Convergence is one of today's buzzwords. Computers are merging with telephones, televisions with computers, televisions with telephones. So why not watches with computers or telephones? Swatch and Timex saw no reason, and have been pushing "wrist technology" - if not wrist elegance - to new extremes.
To some, 402 may seem like a meaningless number, but to those with a Swatch the Beep watch pager it means "Do you love me?". Swatch the Beep has been launched by British Telecom and Swatch, and is the latest thing in designer communications.
Each Swatch has an individual telephone number that is linked to BT's automated paging service. Callers are asked to key in their telephone number and any message they care to leave - but only as a numerical code.
The watch was launched last autumn, but has yet to find its way on to many business or professional wrists, possibly because it is made of brightly coloured plastic. It is aimed fair and square at teenagers, which explains the range of coded messages it carries. These are translated in a booklet that the owner can hand out to friends or colleagues.
For instance, 411 means "you turn me on", 420 means "am leaving you", and 709 means "head's banging". Despite this, the device could be practical: 102 means "call me" and 216 means "will be late". It is also possible to combine codes: 606-619-604-302 means "Can't come to party tomorrow. Sorry." Most of the messages are plain silly, but you could presumably make up your own set of codes, which would give you a cheap and convenient pager.
Swatch pagers cost £119 and callers are charged 25p to leave a message, but after the initial purchase there are no further charges to the purchaser. The idea is the brainchild of Geoffrey Patterson of Global Communications, a UK telecoms consultancy, who says the BT version is in its early stages. "Deutsche Telekom versions automatically recognise the telephone number of the caller, and we are developing systems that will look up the caller's number in the telephone directory and automatically transmit that to the Swatches," he says.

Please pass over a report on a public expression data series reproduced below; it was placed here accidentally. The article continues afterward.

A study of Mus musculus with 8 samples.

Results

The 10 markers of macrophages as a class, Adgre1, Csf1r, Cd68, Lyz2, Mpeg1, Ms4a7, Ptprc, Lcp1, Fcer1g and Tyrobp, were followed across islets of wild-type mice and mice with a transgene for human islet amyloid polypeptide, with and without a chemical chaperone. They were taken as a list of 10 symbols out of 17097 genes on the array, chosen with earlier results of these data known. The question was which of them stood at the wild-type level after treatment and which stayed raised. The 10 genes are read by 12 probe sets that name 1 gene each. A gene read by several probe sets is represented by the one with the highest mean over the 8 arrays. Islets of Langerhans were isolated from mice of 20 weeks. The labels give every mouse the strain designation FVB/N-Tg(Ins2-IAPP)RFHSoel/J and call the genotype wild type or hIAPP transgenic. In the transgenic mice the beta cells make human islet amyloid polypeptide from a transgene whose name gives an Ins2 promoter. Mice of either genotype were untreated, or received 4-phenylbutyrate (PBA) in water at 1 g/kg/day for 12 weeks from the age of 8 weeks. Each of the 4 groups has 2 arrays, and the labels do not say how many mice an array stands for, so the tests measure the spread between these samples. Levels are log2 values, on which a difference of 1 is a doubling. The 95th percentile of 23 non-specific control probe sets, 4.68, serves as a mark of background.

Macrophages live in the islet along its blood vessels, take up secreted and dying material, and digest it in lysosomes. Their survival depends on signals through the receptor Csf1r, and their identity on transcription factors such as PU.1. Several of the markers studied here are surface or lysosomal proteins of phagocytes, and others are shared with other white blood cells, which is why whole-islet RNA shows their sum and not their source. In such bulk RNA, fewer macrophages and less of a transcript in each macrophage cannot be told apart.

The Timex Datalink is a more sober affair. Though hardly elegant - it looks like an early quartz watch - it does at least have a plain leather strap. As well as being a normal digital watch, with several alarms and the usual day/date information, it is a miniature personal organiser. It carries 70 entries, which can be a combination of appointments, phone numbers, anniversaries and a to-do list.
The clever bit is the way the data gets into the watch. It comes with a disc, which can be loaded into any desktop PC with Windows. You type the data into the computer, hold the watch up in front of the screen, press a button and bingo! A pattern of lines flashes on the screen, the watch beeps, and the information is transferred to the watch. If you have loaded appointments, you can tell the watch to sound an alarm a pre-set time in advance.
The Datalink, which costs £120, is particularly handy having your most important phone numbers on your wrist. The downside is that it is cumbersome and unbeautiful.
Swatch the Beep is available from BT shops and some jewellers; the Timex from selected branches of Allders and Battery Box, which has shops in big railway stations.